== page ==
Home / News / LocalRSS Feed
Student explores Jewish life in Recife, Brazil
February 4th, 2005
It was a little bit of research that led Marc Zemel, a 20-year old junior at the University of Wisconsin-Madison, to a town in Brazil called Recife.
Zemel, a Whitefish Bay native, said he has always had an interest in Latin America and a desire “to explore Latin American culture.” Specifically, he said, “something had always appealed to me about Brazil.”
Therefore, when he began to plan his last semester abroad, he wanted to find a way to incorporate his interests into an independent study project as part of the degrees he is working on in history, Hebrew and Semitic studies and Jewish studies.
Zemel spoke about his four months in northeastern Brazil to a group of some 35 at Chai Point Senior Living Apartment Complex on Thursday, Jan. 20.
On the Internet he learned about Recife, which is the oldest Jewish community in the western hemisphere. It was also the starting point of the journey for 23 Jews who arrived in New York 350 years ago, thereby establishing the first Jewish community in North America in 1654.
Zemel decided to spend his last month abroad in Recife, where he made contacts, observations, and conducted and translated interviews, all of which he documented in a work journal.
Before the Jews left, Zemel learned, Recife was home to a thriving Jewish community. In 1640, he said, there were more Jews than Christians in Brazil.
But in 1654 the Portuguese reclaimed their lost territory, and the Jews again fell subject to oppression. The majority fled the country, while others abandoned their Judaism and assimilated. The population increased during the world wars, when Ashkenazi Jews from Europe sought refuge there.
Today, although a small group, “The Jewish community in Recife is very incorporated into Brazilian society,” Zemel said. The city of Recife is now home to approximately 400 Jewish families.
Zemel took the information he gathered during his visit and developed a thesis that “pointed out the different ways the Jewish community has changed and the way that practices have changed, education has changed, and as a result, how the definition of a Jew has changed,” he said.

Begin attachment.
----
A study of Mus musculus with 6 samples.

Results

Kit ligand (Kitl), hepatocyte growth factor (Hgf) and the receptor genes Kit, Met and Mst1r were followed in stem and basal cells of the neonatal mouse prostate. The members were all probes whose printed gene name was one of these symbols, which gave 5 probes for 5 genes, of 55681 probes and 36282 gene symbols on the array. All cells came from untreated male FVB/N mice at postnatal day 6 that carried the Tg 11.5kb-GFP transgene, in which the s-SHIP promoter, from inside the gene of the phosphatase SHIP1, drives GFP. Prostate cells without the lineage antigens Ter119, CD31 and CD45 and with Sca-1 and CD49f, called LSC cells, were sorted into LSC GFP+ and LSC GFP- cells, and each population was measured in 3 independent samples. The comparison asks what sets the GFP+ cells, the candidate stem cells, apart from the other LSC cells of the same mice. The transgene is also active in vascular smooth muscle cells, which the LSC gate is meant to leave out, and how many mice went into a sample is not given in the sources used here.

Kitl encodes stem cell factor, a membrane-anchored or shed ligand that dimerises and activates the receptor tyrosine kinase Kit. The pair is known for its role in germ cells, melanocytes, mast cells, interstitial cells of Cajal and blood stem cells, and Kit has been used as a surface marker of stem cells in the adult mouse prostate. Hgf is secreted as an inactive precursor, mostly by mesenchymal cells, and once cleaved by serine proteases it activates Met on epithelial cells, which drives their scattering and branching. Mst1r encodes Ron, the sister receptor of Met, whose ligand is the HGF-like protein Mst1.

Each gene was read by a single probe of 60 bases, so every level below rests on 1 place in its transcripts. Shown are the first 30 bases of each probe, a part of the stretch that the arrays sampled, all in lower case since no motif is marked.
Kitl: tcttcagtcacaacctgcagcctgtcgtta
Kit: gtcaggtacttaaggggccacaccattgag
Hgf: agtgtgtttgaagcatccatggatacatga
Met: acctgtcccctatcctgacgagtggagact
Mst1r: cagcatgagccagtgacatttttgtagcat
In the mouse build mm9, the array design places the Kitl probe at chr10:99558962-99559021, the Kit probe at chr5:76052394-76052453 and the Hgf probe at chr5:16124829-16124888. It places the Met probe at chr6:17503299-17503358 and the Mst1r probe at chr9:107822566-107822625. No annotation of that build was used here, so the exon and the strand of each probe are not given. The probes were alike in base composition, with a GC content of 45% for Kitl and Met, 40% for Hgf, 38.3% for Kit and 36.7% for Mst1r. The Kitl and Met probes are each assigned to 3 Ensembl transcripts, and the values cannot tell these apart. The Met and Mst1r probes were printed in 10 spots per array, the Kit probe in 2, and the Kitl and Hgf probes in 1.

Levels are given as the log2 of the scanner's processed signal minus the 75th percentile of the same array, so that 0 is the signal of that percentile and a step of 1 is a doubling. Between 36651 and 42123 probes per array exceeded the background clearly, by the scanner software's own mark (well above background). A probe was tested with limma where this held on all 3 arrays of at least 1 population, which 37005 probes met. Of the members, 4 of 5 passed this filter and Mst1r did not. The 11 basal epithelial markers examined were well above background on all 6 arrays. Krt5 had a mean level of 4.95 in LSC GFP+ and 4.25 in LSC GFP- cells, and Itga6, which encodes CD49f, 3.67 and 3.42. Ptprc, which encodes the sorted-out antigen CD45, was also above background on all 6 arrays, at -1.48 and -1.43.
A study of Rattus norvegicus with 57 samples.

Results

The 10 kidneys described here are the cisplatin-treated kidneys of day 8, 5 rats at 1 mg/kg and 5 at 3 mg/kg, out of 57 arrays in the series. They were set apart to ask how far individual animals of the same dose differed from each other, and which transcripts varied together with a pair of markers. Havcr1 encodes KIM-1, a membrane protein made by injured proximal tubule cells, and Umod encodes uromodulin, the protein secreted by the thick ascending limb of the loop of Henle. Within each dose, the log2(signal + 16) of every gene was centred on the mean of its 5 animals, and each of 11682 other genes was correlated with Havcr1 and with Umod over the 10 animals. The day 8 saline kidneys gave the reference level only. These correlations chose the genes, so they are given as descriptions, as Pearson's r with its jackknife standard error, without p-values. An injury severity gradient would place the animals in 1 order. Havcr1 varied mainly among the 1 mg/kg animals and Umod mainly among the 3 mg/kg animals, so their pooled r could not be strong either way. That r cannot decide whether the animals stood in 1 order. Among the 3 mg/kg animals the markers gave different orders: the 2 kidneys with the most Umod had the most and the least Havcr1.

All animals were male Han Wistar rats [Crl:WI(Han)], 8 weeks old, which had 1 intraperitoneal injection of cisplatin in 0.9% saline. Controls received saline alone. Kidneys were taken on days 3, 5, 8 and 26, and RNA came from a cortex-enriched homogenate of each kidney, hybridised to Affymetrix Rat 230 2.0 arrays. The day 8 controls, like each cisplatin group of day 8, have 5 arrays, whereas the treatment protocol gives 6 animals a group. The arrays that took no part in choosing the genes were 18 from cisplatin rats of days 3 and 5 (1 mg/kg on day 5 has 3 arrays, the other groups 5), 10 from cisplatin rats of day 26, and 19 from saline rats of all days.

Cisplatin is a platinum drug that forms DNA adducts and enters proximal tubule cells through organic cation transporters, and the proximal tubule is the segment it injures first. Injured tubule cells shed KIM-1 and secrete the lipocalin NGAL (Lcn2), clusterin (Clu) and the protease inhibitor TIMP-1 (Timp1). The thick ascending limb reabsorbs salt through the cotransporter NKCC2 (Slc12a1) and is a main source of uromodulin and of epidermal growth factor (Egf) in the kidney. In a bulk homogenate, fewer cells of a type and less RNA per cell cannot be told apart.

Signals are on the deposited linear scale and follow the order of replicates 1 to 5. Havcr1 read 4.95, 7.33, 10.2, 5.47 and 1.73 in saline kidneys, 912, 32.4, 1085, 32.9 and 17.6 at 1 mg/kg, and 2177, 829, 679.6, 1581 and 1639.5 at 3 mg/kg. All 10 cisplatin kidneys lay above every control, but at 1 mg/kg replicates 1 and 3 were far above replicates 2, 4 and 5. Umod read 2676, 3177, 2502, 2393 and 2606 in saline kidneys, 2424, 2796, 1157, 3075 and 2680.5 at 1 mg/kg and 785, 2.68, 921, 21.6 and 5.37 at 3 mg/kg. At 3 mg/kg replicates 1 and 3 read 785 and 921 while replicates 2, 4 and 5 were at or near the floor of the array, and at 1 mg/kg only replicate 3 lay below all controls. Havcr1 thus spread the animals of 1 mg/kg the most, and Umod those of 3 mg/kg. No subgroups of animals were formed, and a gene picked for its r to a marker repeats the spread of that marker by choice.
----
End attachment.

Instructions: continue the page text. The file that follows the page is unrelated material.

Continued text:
During his stay, Zemel noticed the Jews in Recife gravitated towards the cultural aspects of Judaism rather than the religious ones.
The city is equipped with a Jewish school, a youth group, a Jewish federation, a social club and a dance group. They also hold an annual Jewish culture festival, which attracted over 15,000 attendees this past year.
However, “Religiosity is seen as a negative adjective,” Zemel explained.
“Everyone agrees you do not have to believe in God to be Jewish,” he said. “It’s more of a feeling and involvement in culture.”
In describing the Jewish affiliations around the city, Zemel identified an Orthodox sect, but said the sect is “ostracized” among the other Jews of Recife.
Zemel recalled a conversation with a concerned Orthodox rabbi, who reported that the assimilation rate in the Jewish community was up to 90 percent.
But then, “I realized he’s an Orthodox rabbi,” Zemel said, and attributed the rabbi’s estimate to the rising number of children practicing Judaism without Jewish mothers.
With so many mixed marriages common in Recife, Zemel points out that assimilation is a “constant threat.” But he believes “Recife will maintain a Jewish community for years to come because of the wonderful institutions and infrastructures that are in place.”
In Recife, Zemel said, “Someone who feels Jewish and maybe exercises some Judaism” is considered Jewish.
He cited the example of the director of the local Jewish federation. The director, an atheist, had a daughter who was mothered by his non-Jewish wife and wished to convert to Judaism.
After she pleaded her case to the rabbi, divulging her activity in the Jewish community, “The rabbi said, ‘Okay, you’re Jewish,’ …because they knew she was Jewish already.”
Zemel also told the story about a woman he met at Shabbat services.
“She always felt spiritually connected to Judaism,” Zemel said. The woman, who had converted to Judaism on her own, “tried to teach her daughter everything she learned,” he said
When the woman found out that Zemel was staying with a non-Jewish family, she urged him to stay with her instead.
“She told me she would love for me to stay with them,” he said. “She was very warm and open and she opened up her home to me.”